Mansur Osanlu in London in June, shortly before his beating and detention (Courtesy Photo) Thousands of trade unionists, transport workers, and other people around the world have united in a show of solidarity with jailed Iranian labor leaders Mansur Osanlu and Mahmud Salehi.

The "Global Day of Action" took place on March 6 and included rallies in front of Iranian embassies in Australia, Britain, Japan, Ukraine, and other counties.

The events were supported by the International Trade Union Confederation and International Transport Workers' Federation as (ITF) -- global confederations that represent unions in nearly 150 countries -- well as Amnesty International, all of whom have repeatedly called for the two men's release.

Osanlu's case has been compared to that of Lech Walesa and, for some, the international show of support in the case recalls the Cold War-era support by international labor organizations for Poland's Solidarity movement, which ultimately helped topple communism in Eastern Europe.

IFT Secretary-General David Cockroft tells Radio Farda that Osanlu's treatment has become a symbol of the Iranian workers' movement, which has come under intense government pressure.

"We are organizing a series of action days and we continue to organize these action days, because we are doing everything we can to persuade [Iranian President Mahmud] Ahmadinejad, but also to persuade the entire regime within Iran, [that] their problems in the world are big enough already without concentrating on depriving democratic trade unions of the rights to present their members."

Osanlu is the founder and leader of the Syndicate of Workers of Tehran and Suburbs Bus Company. Iranian authorities do not recognize the union, and its members have been harassed and the union's activities have always been restricted.

The 50-year-old Osanlu has been beaten and repeatedly arrested after being accused of acting against the government and national security. He currently is serving a five-year prison term. Rights activist say he is in danger of losing sight in one eye due to previous beatings.

Salehi, a former leader of the Saqez Baker's Union, has also been imprisoned over his labor activities. He too has been charged with acts against national security.

Salehi, who is serving his prison term in Iran's Kurdistan Province, has only one kidney and requires regular medical treatment, but authorities reportedly have not always provided it.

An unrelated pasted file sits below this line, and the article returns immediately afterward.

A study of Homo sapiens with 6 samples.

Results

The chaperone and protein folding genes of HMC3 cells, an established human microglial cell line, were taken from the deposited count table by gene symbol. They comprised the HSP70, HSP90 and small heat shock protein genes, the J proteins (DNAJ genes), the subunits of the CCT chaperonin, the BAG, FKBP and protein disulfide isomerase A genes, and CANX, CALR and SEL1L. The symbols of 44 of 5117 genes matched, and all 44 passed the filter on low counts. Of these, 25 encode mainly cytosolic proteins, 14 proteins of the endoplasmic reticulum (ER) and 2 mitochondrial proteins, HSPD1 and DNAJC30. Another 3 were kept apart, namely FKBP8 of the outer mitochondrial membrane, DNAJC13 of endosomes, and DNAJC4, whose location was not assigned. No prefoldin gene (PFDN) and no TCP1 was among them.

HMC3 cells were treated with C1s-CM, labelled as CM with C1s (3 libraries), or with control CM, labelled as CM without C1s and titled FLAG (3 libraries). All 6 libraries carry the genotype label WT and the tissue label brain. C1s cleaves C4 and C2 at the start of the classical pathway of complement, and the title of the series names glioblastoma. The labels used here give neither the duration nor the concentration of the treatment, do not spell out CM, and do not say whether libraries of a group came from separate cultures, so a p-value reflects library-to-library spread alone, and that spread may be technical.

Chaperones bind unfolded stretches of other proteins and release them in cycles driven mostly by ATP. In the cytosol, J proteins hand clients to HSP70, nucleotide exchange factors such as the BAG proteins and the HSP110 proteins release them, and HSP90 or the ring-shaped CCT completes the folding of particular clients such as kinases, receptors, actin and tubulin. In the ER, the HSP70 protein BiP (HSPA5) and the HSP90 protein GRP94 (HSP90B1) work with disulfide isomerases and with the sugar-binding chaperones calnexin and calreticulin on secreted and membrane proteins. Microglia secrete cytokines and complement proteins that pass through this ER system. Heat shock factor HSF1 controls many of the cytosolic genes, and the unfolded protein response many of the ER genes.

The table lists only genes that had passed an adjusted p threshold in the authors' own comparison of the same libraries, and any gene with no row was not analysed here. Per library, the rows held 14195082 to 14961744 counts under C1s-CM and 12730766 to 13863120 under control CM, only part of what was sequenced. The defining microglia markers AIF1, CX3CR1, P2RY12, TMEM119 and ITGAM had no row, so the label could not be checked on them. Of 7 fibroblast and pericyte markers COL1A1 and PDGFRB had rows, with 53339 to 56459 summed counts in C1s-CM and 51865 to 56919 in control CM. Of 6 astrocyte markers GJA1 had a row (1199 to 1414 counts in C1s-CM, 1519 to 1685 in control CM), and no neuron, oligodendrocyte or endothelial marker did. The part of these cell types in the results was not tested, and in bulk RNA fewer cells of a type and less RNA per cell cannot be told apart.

The organizers of the demonstrations and rallies tell Radio Farda that their main demands include the release of Osanlu and other jailed unionists and the free functioning of labor unions. They also want to raise awareness about the dire situation of trade unions in Iran.

Osanlu, who has led the Iranian trade union for two years, has paid a heavy price for his activities. He was first arrested in December 2005 and spent seven month in Tehran's Evin prison for organizing protests by bus drivers who complained of low wages.

The following month, trade unionists and bus drivers had been planning new protests to call for Osanlu's immediate release but authorities arrested several trade-unions activists on the eve of the planned strikes.

Trade unionists and rights activists in Iran and the West have repeatedly called on the Iranian government to free Osanlu and other workers jailed for their peaceful actions.

Although Osanlu was released from Evin under a heavy bail in summer 2006, the government pressure on him has never stopped.

He has been repeatedly detained by security agents. Then, in July 2007, Osanlu was beaten and abducted in Tehran. His family has subsequently been told that he was sent again to Evin.

"Osanlu is a genuine trade union leader who has been working very hard to defend the rights of his members. And the sooner that he is out of jail and allowed to conduct his work in freedom, the better it will be for all of the people of Iran and I would say the better it would be for international reputation of Iranian government."

Critics of the Iranian leadership say the case echoes Soviet officials' persecution of labor activists. Walesa and his Solidarity trade-union movement challenged Poland's former communist regime -- first by staging strikes in the Gdansk shipyards in August 1980. He led the series of nationwide strikes in 1988, a year before Solidarity was and allowed to campaign as a political party.

Walesa won the Nobel Peace Prize in 1983 and was elected president of Poland in 1990.